Saturday, June 30, 2012

Clover Food Lab: A Fast-Food Experiment

While I was in college, I subsisted mostly on peanut butter toast. Sometimes I ate bacon, too, when I made it downstairs to the dining hall in time for breakfast. But that’s because Clover Food Lab didn’t open until the year I graduated, 2008.

It was founded by MIT graduate Ayr Muir, who wondered whether “fast food” always had to be greasy and mass-produced. He decided that no, it did not, and now there are Clover Food Lab food trucks and permanent locations all over Boston and Cambridge.

I noticed the Harvard Square location just before heading into nearby Finale for a four-course family dessert excursion, so I called my friend Adam and asked him to meet me at Clover Food Lab for dinner afterward. Like I always say whenever someone gives me a dessert: eat dessert first.

Adam loves Clover Food Lab, so he biked over in a severe thunderstorm to meet up with me. My sister and her friend Claudia joined us, too. We ended up stranded inside the restaurant while the storm passed, but that was fine with all of us, since it was a pretty fun place to be stranded.
At Clover Food Lab, they serve sandwiches, soups, and salads made from all local, mostly organic ingredients; fair-trade, locally roasted coffee; and they just got Allagash Belgian-style beer from Portland, Maine (distance: 111 miles) on tap at their Harvard Square location - for just $3!

The company slogan, “Everything Will Be Different Tomorrow,” is one of those awesome sayings that manage to be physically obvious and philosophically inspiring at the same time.

Their sandwich-style, screen menu supports that slogan: it can update itself at any minute, and then maybe that soy BLT you wanted won’t be available anymore (!).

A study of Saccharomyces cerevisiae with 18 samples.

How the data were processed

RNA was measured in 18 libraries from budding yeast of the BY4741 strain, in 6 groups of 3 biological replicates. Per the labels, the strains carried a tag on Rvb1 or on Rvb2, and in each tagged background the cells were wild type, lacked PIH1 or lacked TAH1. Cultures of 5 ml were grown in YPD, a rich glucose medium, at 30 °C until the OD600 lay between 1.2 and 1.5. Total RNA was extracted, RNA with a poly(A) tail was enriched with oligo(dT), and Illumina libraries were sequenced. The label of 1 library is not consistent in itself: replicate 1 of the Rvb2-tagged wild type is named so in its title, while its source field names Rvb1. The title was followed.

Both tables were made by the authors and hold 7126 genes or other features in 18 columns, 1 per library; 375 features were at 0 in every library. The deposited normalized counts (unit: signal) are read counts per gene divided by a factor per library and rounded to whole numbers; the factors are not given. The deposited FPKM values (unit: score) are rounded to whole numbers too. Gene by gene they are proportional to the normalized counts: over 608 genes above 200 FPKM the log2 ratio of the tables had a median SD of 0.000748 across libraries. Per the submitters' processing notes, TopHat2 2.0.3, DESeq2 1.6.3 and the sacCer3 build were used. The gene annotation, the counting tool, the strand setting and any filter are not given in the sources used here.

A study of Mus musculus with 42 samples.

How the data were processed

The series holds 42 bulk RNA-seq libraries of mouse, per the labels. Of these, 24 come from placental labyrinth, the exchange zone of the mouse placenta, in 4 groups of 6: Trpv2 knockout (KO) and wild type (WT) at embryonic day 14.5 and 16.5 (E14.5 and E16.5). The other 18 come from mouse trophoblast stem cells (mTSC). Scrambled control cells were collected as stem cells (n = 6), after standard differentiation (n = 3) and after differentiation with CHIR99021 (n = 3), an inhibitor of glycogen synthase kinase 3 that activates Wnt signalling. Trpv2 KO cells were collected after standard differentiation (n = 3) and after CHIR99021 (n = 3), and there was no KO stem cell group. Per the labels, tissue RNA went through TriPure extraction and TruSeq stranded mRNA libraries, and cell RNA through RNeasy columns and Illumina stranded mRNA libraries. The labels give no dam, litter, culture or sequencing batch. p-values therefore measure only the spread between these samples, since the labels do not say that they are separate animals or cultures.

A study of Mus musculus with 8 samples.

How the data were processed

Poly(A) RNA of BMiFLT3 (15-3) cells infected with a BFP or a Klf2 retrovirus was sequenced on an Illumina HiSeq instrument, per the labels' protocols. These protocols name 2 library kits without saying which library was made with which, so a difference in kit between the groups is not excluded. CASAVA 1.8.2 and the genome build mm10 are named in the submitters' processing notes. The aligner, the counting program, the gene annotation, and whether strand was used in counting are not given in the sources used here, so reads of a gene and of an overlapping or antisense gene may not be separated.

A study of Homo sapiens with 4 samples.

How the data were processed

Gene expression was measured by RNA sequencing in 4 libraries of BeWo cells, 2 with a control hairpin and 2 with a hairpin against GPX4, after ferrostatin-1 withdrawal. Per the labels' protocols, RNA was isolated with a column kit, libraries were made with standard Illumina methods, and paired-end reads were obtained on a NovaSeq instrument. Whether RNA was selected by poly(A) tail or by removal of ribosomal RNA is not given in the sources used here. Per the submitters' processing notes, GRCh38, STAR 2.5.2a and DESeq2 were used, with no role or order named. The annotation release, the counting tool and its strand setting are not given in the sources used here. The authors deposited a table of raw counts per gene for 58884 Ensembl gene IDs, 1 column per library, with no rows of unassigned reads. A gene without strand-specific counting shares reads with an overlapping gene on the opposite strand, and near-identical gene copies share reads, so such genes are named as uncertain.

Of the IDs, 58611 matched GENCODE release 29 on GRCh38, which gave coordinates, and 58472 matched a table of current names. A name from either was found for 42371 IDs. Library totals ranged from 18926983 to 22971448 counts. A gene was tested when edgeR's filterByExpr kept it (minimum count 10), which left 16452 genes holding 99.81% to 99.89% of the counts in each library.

Next to each menu item on the screen is listed the expected amount of time it will take to prepare it, from the moment the order is entered into the cashier’s iPhone until the moment it is delivered to your hot little hands.

That’s right – the moment it is entered into the cashier’s iPhone. Because the cashier wasn’t really a cashier, strictly speaking. Her name was Laurel, and after she entered our orders into her iPhone and swiped our credit cards (also with her iPhone), the orders were sent to the iPhones of the cooking staff right behind her. She didn’t give us a receipt – they’re basically paperless, except for rolls of recycled paper available for particularly artsy customers to draw on (or perhaps use as a place mat).
I ordered the chickpea and vegetable sandwich, which Laurel recommended as their most popular menu item. It was a huge sandwich for the price, tasted fresh, and looked quite colorful:

My sister just ordered a side of spicy green beans, since she was full of dessert and has a less ambitious stomach than I do:
Spicy asparagus
Claudia ordered their seasonal sandwich of roasted parsnips and spinach:

It took them about eight minutes to call her name – apparently, this was about three minutes too long (according to the preparation time listed on the sandwich-board menu screen), so they gave us free fries!

The French fries are sprinkled with the rosemary growing all around the restaurant. That’s about as local as you can get.